AA Ford Discussion Group relating to the repair and restoration of your AA Ford.
After removing the torque tube and disassembling the gear, bearing and race, the one the South Shore Bearing sent me must be for the car and not the AA, it was too small. I returned it. Fortunately, The bearing was not the problem, I had a bad U joint at the tail end of the connecting shaft. The front U joint at the transmission was worn, but serviceable. The original seal is much narrower than the original seal behind the front bearing, so I am going to put two of them in to make up for the thinness of the replacement seal. I am glad i did this because I found that the engine was sitting too low in the rear and that in turn caused the front U joint to rub on the tube and connecting flange. Shimming the engine up about 1 - 1 1/2" puts everything in alignment. The front of the tube and the bell flange were damaged, so i found a used set of flanges and the tube. I hired a shop to help me with this since this is my first time working with a torque tube. Between the shop owner, my son and me, we were able to get it apart and with any luck, we should be able to get it reassembled and back on the road. I think the key to the problem is grease. Pack those U joints and the bearing with lots of grease and keep them full. This should eliminate any premature wear on the parts. Thank you to everyone who helped me with this.
- Neil Wilson
- Posts: 2858
- Joined: February 5th, 2003, 9:42 pm
- Body Type: 82-A/89-A
- Model Year: 1930
- Location: Boulder, CO
What year is your AA?
The engine will be in the correct location at the rear if you are using AA rear engine supports. Using A chassis rear engine supports will result in the engine being too low by about 1". See https://aafords.com/aa-chassis/aa-5000- ... ckets/#ers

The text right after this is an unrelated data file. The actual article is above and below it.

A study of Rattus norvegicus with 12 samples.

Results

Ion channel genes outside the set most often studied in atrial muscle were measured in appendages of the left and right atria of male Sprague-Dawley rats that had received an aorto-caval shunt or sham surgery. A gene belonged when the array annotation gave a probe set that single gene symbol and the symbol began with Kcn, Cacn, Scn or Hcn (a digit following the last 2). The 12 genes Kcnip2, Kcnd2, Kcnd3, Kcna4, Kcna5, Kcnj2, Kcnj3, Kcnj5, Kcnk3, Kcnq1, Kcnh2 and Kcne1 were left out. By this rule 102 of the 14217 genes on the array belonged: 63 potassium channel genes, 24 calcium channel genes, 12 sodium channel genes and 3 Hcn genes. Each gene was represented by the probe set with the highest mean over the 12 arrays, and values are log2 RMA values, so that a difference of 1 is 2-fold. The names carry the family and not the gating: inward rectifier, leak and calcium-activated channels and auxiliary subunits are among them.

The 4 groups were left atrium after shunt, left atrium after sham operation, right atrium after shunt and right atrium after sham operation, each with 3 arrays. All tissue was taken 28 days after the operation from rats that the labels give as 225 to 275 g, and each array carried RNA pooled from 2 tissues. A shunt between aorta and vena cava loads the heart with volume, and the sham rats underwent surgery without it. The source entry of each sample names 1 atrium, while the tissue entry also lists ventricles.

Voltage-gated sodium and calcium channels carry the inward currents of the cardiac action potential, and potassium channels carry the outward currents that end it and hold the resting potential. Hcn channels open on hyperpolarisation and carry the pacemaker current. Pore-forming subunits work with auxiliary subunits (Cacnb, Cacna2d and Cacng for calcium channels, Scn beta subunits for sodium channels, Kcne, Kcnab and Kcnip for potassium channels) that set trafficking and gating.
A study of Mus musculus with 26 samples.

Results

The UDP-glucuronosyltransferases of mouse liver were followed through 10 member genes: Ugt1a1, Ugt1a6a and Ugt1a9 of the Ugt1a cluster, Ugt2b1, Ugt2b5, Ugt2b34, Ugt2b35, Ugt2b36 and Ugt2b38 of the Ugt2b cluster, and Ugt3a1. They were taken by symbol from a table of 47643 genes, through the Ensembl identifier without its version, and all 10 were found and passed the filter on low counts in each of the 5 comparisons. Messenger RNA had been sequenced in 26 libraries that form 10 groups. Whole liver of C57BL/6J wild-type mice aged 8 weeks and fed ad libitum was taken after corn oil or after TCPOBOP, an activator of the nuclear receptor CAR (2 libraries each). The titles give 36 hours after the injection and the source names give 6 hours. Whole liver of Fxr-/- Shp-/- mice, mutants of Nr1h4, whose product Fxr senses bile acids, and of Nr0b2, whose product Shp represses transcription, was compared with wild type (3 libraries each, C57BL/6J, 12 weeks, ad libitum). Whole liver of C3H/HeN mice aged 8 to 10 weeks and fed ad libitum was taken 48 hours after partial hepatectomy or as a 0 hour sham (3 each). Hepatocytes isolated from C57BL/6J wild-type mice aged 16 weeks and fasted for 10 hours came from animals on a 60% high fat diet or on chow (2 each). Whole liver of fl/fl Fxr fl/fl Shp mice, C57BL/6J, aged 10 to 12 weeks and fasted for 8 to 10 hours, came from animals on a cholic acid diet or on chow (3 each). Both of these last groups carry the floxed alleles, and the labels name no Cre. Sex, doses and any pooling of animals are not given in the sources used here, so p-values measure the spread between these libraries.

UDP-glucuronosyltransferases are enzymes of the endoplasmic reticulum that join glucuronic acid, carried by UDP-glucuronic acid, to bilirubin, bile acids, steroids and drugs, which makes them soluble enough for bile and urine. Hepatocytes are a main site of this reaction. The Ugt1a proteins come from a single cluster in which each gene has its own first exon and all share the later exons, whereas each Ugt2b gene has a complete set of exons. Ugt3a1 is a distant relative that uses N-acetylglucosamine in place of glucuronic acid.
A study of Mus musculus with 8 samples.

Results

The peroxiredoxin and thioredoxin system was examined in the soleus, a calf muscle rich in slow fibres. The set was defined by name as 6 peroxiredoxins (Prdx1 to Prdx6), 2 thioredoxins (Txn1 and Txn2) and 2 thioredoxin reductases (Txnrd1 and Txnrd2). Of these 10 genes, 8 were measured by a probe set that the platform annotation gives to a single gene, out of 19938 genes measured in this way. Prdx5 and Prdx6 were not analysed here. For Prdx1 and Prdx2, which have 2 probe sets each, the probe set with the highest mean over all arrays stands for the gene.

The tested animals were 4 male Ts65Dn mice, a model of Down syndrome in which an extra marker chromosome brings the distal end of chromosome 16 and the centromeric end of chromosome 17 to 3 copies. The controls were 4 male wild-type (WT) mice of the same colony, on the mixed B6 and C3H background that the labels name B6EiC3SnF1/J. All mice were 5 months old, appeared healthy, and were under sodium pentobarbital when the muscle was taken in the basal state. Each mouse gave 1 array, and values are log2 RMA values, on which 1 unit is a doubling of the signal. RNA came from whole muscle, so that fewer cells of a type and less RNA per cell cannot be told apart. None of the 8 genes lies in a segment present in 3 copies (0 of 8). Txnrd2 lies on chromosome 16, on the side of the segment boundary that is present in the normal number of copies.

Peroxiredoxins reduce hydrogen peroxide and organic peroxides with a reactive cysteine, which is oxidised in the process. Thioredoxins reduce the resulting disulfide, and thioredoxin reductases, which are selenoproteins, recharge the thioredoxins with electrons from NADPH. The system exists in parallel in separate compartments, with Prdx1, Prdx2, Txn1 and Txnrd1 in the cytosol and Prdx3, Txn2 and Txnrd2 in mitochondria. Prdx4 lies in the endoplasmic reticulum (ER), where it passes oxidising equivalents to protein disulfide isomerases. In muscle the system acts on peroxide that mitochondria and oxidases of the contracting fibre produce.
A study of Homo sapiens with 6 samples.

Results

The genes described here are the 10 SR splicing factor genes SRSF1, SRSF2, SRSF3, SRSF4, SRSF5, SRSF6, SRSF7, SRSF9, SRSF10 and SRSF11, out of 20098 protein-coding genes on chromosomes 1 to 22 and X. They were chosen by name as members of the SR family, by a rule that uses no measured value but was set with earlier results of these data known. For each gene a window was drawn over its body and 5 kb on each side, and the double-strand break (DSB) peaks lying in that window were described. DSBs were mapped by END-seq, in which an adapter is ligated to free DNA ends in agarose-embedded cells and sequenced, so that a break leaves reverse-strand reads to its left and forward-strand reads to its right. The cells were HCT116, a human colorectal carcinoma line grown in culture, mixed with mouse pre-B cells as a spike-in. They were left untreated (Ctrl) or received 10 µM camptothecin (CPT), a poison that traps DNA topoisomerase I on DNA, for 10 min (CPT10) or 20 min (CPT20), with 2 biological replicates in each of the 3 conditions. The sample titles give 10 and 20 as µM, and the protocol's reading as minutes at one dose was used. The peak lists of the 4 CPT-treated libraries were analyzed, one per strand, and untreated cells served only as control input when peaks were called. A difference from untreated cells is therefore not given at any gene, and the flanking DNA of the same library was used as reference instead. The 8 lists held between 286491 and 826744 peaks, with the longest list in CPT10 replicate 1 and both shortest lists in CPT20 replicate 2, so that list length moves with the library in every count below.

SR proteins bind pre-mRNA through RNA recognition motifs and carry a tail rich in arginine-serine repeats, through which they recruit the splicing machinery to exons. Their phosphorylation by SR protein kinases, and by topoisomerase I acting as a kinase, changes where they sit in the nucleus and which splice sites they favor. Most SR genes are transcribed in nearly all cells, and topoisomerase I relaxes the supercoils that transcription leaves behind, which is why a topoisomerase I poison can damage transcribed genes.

I bought this truck about 40 years ago. It was an absolute mess. It probably should have been sold for parts or gone to the crusher. I had a good Model A guy in my area do the initial restoration and if you saw the difference, you would think he was a magician. I am assuming that it always had the wrong rear engine mounts because the pedals have always been low and the metal plate and felt seals around the pedals and steering column would not work because the pedals were too low. I removed the body from the frame for a refresh and to locate and correct the VIN number since it has a funky title based on a non model A stamping on the engine. the engine was replaced when I had a shop put in one with insert bearings. The VIN is still not correct but that is a LONG involved story. In any case, I replaced the mounts with the float a motor ones in the rear which I assume are also passenger car mounts so I will shim it until the pedals are in alignment and I can use the metal plate around the steering column and pedals and I should be good. Thank you to everyone who has helped me. I am still learning.
Just an update to this post. I checked the rear engine mounts I took off and they are the AA mounts. When I removed the body, the frame had no apparent bend so I am not sure why the engine sat too low in the rear. It was this way when I purchased this back in 1979, It hasn't gotten any worse and it seems to drive fine. I am going to shim the rear of the engine up and not worry about it. My next project is going through the brakes. I know I will have questions about that also. Stay tuned!
Thank you to everyone for the great information. Thanks to Model A guy Al Zannino, Bud Valerius. and Morris Eddy I was able to fix the speedometer problem, adjust my engine, and repair the drive line of my 1931 AA. We spent the day today reassembling the drive line and took the old gal out for a 15 mile spin. Nice to have the old girl running again!